TWEAK Induces Liver Progenitor Cell Proliferation
By Journal of Clinical Investigation
Aug 19, 2005, 13:51
Liver injury can occur as a result of alcohol toxicity, necrosis, or a host of other factors. When the liver is injured, it responds with progenitor cell (oval cell) proliferation in the remaining parts of the organ. The oval cells can become either liver cells or epithelial cells, and are vital for recovery from liver injury. But the regulation of oval cell expansion is not well understood.
In a study appearing online on August 18 in advance of print publication of the September 1 issue of the Journal of Clinical Investigation, Aniela Jakubowski and colleagues from Biogen report the discovery of a novel role for the TNF family member, TWEAK, as an inducer of oval cell proliferation in the liver. This is the first demonstration of a role for this cytokine in the regulation of liver progenitor cells.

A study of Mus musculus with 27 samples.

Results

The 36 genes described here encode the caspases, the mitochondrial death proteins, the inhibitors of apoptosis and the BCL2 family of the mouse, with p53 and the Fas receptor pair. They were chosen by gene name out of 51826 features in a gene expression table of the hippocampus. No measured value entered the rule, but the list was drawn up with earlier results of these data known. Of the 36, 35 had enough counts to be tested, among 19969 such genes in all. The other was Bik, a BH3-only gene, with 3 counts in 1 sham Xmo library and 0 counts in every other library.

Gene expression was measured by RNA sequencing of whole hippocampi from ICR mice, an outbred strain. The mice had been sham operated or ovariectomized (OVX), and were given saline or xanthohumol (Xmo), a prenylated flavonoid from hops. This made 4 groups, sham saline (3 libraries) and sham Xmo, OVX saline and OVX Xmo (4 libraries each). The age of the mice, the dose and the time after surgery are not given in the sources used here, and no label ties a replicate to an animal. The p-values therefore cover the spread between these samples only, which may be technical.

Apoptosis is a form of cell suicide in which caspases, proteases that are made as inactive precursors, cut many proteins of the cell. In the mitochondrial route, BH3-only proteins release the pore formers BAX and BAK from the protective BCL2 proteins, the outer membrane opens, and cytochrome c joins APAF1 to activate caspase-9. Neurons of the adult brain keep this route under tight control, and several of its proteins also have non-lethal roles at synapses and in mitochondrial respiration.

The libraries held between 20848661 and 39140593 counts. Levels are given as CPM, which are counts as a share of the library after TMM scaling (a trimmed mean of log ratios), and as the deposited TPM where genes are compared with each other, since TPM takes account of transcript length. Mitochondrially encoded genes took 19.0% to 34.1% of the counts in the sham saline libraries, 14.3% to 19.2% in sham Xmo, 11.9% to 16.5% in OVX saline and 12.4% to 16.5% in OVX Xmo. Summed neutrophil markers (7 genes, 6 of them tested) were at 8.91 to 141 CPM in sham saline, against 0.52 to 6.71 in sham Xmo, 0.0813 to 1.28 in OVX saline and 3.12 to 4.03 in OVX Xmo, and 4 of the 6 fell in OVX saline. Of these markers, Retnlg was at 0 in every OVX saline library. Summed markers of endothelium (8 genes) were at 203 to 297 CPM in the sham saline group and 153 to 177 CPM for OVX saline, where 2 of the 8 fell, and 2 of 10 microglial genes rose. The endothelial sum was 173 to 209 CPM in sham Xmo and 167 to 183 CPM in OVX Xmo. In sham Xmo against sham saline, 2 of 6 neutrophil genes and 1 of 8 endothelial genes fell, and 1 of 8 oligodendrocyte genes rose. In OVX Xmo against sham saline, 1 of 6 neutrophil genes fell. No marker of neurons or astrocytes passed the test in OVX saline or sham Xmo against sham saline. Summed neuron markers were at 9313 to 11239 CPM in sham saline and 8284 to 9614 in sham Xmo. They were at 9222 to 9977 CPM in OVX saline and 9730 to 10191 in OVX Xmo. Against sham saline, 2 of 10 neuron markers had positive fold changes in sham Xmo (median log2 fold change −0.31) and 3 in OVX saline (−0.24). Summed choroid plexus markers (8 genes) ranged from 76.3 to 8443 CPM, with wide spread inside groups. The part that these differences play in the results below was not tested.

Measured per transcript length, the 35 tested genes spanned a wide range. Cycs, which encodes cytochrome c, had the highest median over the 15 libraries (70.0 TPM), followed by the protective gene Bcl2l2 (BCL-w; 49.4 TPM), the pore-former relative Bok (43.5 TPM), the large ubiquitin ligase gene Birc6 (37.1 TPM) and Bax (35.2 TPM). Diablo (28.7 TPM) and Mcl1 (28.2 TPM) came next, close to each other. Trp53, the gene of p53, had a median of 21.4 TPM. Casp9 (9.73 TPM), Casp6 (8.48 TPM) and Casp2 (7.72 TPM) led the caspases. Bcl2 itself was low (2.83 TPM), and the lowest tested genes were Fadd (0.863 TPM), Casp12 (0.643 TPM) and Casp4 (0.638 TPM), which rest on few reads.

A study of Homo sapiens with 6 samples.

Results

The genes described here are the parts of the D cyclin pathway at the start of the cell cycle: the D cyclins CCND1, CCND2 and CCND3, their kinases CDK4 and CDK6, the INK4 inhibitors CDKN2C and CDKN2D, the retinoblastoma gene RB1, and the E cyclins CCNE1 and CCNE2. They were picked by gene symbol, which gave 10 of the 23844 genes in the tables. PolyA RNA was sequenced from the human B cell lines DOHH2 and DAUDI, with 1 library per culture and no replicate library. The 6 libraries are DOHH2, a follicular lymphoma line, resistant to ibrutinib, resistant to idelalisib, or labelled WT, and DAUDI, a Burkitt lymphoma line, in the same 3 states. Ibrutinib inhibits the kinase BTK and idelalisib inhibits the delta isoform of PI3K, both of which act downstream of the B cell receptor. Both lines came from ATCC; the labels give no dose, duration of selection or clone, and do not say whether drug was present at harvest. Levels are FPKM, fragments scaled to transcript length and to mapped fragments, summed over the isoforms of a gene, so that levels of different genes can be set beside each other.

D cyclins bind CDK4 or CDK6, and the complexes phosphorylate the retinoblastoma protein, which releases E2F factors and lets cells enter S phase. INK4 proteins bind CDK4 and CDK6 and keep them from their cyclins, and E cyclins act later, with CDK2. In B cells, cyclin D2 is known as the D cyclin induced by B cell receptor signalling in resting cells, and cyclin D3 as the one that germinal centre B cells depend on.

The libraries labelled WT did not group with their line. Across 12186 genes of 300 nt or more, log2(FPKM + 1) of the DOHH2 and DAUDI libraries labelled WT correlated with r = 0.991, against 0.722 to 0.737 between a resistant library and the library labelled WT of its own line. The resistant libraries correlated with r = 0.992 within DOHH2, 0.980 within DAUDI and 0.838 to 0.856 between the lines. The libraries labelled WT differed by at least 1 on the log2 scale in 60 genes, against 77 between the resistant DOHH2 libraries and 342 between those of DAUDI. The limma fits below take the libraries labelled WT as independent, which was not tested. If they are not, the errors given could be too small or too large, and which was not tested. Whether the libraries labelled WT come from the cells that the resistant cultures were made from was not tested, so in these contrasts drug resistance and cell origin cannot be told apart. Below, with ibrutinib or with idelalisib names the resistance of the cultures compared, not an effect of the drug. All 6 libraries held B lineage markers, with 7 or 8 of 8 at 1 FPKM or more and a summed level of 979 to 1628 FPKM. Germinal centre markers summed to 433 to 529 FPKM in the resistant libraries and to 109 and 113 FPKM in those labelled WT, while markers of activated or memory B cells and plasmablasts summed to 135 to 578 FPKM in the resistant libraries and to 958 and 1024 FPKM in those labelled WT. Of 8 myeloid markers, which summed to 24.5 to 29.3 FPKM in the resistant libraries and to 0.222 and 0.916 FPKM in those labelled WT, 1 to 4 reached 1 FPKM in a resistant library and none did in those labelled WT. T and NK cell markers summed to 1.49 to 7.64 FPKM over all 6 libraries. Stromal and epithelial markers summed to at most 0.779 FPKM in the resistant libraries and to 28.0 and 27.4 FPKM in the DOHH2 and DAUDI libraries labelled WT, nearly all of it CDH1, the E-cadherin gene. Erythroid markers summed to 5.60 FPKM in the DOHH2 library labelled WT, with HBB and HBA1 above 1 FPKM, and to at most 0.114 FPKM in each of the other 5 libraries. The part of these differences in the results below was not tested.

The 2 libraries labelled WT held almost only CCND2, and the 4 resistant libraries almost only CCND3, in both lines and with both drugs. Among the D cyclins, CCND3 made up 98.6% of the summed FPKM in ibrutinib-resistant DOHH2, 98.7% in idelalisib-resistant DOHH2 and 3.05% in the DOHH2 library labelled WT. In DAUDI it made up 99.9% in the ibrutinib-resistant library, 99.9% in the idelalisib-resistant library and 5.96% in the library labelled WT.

Unlike other factors that can modulate the proliferation of oval cells, the researchers show that TWEAK acts selectively on oval cells with no effect on mature liver cells. They use three independent approaches: animals overexpressing TWEAK, adenoviral delivery of TWEAK, and TWEAK blocking antibodies in a model of oval cell hyperplasia.
The potential role for the TWEAK pathway in chronic human liver diseases that are accompanied by oval cell proliferation is suggested by data showing increased expression of the receptor for TWEAK in alcoholic cirrhosis and viral hepatitis. A better understanding of the molecular pathways regulating the progenitor cell response may lead to specific therapies for liver diseases.